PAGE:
Pre-Nuptual Agreements

Pre-Nuptual Agreements

Couples often do not consider what will happen in the event of their relationship breaking down and a divorce at the time of marriage. However, this is often vitally important as particularly if one party has more assets than the other they may wish to try to protect these assets in the event of divorce.

Many couples now, particularly more mature couples are agreeing before marriage what would happen in the event of the breakdown of their relationship. They are having a pre-nuptual agreement drafted to reflect their wishes. This provides them with a measure of certainty and means of protecting pre-marriage assets, inheritance and existing family such as children from a previous marriage.

The agreement could provide for what would happen in relation to any property, debts, income, other assets purchased together or acquired individually such as through inheritance or which have been brought into the relationship by one party including pensions.

From a legal perspective, once married the assets become matrimonial assets and unless specifically protected are often considered as part of the matrimonial pot when and if any subsequent divorce proceedings are issued.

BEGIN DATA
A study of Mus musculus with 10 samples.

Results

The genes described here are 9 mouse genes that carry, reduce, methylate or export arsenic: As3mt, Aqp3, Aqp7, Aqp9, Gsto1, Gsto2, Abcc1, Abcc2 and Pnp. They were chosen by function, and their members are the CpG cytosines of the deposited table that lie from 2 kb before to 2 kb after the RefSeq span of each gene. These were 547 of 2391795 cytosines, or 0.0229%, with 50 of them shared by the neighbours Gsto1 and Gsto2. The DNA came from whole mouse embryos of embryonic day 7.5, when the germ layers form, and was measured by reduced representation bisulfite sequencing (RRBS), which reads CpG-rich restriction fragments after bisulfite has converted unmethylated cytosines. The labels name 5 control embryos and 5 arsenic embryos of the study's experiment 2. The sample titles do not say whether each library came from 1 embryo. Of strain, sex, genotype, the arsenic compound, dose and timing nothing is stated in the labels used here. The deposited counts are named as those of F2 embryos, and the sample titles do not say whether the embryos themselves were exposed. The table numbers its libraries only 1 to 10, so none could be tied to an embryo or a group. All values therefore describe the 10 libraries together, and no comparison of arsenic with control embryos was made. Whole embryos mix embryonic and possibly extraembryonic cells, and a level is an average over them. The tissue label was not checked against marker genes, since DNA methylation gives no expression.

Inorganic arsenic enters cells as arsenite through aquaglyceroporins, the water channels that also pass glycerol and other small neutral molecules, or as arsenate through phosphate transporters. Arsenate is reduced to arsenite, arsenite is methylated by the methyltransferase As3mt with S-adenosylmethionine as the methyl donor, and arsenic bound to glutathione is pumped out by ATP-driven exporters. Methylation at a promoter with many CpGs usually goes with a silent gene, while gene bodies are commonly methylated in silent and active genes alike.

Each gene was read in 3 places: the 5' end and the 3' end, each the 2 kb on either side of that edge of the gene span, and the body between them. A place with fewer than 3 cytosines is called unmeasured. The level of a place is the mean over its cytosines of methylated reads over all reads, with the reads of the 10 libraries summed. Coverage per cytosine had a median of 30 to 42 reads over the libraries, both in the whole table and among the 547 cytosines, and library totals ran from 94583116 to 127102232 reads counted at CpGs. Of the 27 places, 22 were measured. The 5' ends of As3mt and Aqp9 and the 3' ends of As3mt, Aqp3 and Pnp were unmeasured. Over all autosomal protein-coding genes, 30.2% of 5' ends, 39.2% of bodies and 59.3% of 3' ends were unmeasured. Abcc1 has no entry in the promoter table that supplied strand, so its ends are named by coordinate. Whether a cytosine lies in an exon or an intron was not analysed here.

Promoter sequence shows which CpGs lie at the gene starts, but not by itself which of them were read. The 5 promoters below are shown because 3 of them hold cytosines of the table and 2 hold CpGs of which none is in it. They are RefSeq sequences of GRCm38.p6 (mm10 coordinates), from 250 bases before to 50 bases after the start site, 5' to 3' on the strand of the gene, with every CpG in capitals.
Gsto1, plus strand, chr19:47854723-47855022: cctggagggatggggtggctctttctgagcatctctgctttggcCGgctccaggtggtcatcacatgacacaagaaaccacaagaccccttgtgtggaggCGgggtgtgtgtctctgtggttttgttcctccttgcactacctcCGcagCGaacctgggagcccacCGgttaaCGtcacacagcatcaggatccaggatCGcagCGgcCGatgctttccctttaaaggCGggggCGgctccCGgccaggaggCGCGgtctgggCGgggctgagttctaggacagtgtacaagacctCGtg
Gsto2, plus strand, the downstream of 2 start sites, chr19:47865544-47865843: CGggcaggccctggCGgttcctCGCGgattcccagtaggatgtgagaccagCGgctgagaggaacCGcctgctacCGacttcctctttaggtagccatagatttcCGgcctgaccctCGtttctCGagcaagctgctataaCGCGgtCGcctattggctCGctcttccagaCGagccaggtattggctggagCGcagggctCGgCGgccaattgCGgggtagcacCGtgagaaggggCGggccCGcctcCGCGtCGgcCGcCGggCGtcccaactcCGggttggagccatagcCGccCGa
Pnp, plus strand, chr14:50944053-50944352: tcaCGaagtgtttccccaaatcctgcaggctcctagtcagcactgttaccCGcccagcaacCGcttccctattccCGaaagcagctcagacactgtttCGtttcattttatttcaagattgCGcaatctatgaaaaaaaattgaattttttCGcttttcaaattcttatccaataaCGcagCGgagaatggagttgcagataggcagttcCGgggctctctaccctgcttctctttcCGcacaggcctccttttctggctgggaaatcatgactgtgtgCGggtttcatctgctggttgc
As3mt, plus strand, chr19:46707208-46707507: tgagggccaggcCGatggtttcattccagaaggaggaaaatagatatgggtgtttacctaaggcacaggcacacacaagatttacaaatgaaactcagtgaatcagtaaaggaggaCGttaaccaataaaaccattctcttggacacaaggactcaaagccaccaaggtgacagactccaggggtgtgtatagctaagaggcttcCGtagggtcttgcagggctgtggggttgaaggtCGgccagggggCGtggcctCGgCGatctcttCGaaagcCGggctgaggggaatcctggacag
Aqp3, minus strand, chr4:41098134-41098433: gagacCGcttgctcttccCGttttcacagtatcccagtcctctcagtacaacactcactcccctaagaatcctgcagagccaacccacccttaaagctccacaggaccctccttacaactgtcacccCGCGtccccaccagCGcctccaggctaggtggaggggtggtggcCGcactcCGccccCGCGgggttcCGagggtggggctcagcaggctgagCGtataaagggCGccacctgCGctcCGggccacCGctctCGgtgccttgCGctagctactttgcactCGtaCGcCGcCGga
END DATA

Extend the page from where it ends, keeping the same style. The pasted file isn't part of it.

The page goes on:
A pre-nuptual agreement needs to be prepared, agreed and signed prior to marriage. Both parties need to take independent legal advice about the implications of the same and need to provide full disclosure of their respective financial circumstances within the agreement. The agreement needs to be as precise, clear and detailed as possible, giving particular consideration to what would happen in the event of any change in circumstances such as children being born, inheritance, loss of employment, pensions, purchase of further assets etc.

The main advantage of a pre-nuptual agreement is that it would attempt to limit any potential claims on the assets of one of the parties to the marriage and hopefully avoid costly court proceedings to deal with division of the same upon divorce. However, such agreements are not automatically recognised by English courts. However, they have more recently been taken more and more seriously and are becoming much more likely to be recognised or at least considered within any subsequent divorce proceedings.

The cost of such an agreement can be prepared for a fixed fee of £750 plus VAT limited to a maximum of five hours work.